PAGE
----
St. Piran’s Day celebrations continue | TheUnion.com

Celebrations honoring St. Piran, the patron of Cornish tin miners, continue today with the singing of rowdy pub songs from 6 p.m. to 9 p.m. at the Holbrooke Hotel, 212 W. Main St., downtown Grass Valley.

On Saturday, Grass Valley Mayor Mark Johnson will defend the city’s championship against Nevada City Mayor Sally Harris in the annual toss of the pasty ” a traditional meat-and-potato pastry the miners carried for lunch ” at 9:30 a.m. at Grass Valley City Hall.

A pasty lunch will feature Vivanne Trevithick Brackley, the president of the Cornish American Heritage Society at 12 p.m. Saturday at the Grass Valley United Methodist Church; tickets are $10.



At 7 p.m. Saturday, a free concert will be offered by the Grass Valley Male Voice Choir at Sierra Presbyterian Church; donations will be accepted at the door.

St. Piran is the patron saint of tin-miners and generally is considered the patron saint of Cornwall ” the homeland of thousands of hard-rock gold miners brought into western Nevada County to work the mines. St. Piran’s flag is a white cross on a black background, and his feast day is March 5, according to the Cornish Web site, http://www.st-piran.com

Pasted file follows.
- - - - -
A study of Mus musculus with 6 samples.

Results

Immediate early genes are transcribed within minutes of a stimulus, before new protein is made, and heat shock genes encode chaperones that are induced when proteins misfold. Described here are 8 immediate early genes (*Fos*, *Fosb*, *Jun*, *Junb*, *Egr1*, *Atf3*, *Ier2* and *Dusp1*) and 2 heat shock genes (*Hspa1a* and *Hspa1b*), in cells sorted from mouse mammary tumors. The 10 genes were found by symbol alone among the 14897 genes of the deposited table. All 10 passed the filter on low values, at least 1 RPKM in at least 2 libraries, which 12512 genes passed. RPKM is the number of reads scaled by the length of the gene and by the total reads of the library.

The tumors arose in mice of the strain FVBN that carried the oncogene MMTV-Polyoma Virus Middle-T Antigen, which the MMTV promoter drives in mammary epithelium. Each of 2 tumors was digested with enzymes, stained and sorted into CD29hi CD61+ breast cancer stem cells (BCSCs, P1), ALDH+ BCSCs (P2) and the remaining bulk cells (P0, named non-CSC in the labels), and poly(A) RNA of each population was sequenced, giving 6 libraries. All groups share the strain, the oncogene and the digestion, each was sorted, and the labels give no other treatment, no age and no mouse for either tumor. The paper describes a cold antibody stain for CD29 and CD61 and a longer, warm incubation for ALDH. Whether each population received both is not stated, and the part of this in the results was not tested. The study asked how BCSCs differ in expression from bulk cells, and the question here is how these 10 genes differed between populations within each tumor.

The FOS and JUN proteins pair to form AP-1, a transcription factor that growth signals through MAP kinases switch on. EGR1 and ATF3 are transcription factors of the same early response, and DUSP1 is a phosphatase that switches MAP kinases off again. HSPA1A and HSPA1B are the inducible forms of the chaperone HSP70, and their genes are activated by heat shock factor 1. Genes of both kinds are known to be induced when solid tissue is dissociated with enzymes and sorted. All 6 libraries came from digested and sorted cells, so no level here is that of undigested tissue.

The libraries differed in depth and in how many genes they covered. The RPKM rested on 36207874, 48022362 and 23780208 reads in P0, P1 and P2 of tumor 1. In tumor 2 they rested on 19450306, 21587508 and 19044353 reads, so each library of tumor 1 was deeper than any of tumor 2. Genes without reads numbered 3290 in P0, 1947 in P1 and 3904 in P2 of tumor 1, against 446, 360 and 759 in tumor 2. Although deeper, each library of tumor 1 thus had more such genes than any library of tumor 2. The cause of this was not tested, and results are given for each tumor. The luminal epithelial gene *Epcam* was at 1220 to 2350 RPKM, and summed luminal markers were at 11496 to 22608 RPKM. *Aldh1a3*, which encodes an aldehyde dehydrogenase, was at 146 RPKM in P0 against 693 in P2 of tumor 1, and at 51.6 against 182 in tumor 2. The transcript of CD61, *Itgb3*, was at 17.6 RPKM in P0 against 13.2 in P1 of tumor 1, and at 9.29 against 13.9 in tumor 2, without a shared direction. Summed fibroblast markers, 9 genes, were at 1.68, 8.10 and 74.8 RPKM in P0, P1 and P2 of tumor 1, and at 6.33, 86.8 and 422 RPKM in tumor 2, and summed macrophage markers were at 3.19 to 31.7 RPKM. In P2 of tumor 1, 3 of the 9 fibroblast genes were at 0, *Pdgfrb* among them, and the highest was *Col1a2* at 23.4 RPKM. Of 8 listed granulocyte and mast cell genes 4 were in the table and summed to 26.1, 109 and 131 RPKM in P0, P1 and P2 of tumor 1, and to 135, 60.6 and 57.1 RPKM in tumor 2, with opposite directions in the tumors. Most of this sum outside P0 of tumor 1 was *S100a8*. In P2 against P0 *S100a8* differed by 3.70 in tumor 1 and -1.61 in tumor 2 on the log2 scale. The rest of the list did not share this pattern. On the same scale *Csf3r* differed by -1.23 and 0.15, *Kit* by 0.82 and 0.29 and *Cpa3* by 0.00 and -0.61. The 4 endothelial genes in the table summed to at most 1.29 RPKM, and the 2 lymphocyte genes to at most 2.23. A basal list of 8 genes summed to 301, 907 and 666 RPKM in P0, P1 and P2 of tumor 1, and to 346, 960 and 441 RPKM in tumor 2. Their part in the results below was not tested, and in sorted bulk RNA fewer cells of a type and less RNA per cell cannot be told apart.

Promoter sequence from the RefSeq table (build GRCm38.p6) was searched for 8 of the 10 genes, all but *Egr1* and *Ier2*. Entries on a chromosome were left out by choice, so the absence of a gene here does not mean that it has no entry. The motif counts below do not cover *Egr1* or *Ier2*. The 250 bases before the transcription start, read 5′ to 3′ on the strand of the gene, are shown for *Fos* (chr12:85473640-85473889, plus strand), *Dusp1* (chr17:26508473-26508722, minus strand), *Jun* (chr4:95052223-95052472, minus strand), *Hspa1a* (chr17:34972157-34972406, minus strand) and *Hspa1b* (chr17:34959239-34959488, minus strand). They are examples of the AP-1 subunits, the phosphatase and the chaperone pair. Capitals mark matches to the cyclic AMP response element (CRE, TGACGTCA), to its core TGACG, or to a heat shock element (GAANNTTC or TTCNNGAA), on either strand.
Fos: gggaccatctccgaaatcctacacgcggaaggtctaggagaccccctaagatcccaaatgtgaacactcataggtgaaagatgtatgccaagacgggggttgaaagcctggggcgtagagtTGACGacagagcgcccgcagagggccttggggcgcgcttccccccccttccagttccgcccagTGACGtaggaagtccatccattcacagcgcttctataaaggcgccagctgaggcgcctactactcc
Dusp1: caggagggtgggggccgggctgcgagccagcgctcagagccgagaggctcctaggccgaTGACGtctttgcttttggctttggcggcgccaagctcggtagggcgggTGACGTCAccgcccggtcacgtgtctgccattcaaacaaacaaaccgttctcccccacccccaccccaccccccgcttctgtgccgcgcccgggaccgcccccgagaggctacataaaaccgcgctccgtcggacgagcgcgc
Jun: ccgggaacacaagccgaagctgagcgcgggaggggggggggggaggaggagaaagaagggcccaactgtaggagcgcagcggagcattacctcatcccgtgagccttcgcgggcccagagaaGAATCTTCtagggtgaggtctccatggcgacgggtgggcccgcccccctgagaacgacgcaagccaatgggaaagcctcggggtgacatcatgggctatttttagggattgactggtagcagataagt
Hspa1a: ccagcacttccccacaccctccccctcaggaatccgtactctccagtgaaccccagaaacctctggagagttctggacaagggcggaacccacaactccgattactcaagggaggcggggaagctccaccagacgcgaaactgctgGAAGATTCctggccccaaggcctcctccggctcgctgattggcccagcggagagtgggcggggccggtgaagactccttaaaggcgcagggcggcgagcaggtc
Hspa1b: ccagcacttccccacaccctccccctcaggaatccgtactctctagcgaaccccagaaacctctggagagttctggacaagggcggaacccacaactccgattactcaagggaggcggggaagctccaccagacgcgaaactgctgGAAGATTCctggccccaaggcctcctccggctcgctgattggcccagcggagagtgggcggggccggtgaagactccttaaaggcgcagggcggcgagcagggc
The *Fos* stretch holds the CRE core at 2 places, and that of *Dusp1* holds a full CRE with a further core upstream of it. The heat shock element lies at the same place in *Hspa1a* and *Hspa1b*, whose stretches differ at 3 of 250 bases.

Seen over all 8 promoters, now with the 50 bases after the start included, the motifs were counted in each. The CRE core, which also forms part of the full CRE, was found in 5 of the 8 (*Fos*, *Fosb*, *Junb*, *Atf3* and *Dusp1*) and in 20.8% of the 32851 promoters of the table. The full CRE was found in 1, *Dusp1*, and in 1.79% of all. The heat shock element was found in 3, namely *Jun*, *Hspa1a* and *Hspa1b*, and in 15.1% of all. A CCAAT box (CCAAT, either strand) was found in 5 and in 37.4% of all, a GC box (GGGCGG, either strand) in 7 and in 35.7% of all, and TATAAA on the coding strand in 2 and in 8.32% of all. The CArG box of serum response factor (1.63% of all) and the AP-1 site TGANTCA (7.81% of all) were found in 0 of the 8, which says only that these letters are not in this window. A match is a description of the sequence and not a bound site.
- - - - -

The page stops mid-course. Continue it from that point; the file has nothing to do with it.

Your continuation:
Little is known about St. Piran, who is believed to have been born in Ireland and is associated with St. Kieran of Saighir, of County Ossary.

According to legend, the heathen Irish tied St. Piran to a mill-stone and rolled it over the edge of a cliff into a stormy sea, which immediately became calm, according to St-Piran.com. The saint floated safely over the water to land upon the sandy beach of Perranzabuloe in Cornwall, where his first converts to Christianity were animals.

According to another legend, St. Piran lit a fire on his black hearthstone, which was evidently a slab of tin-bearing ore. The heat caused smelting to take place, and tin rose to the top in the form of a white cross ” thus the image on his flag.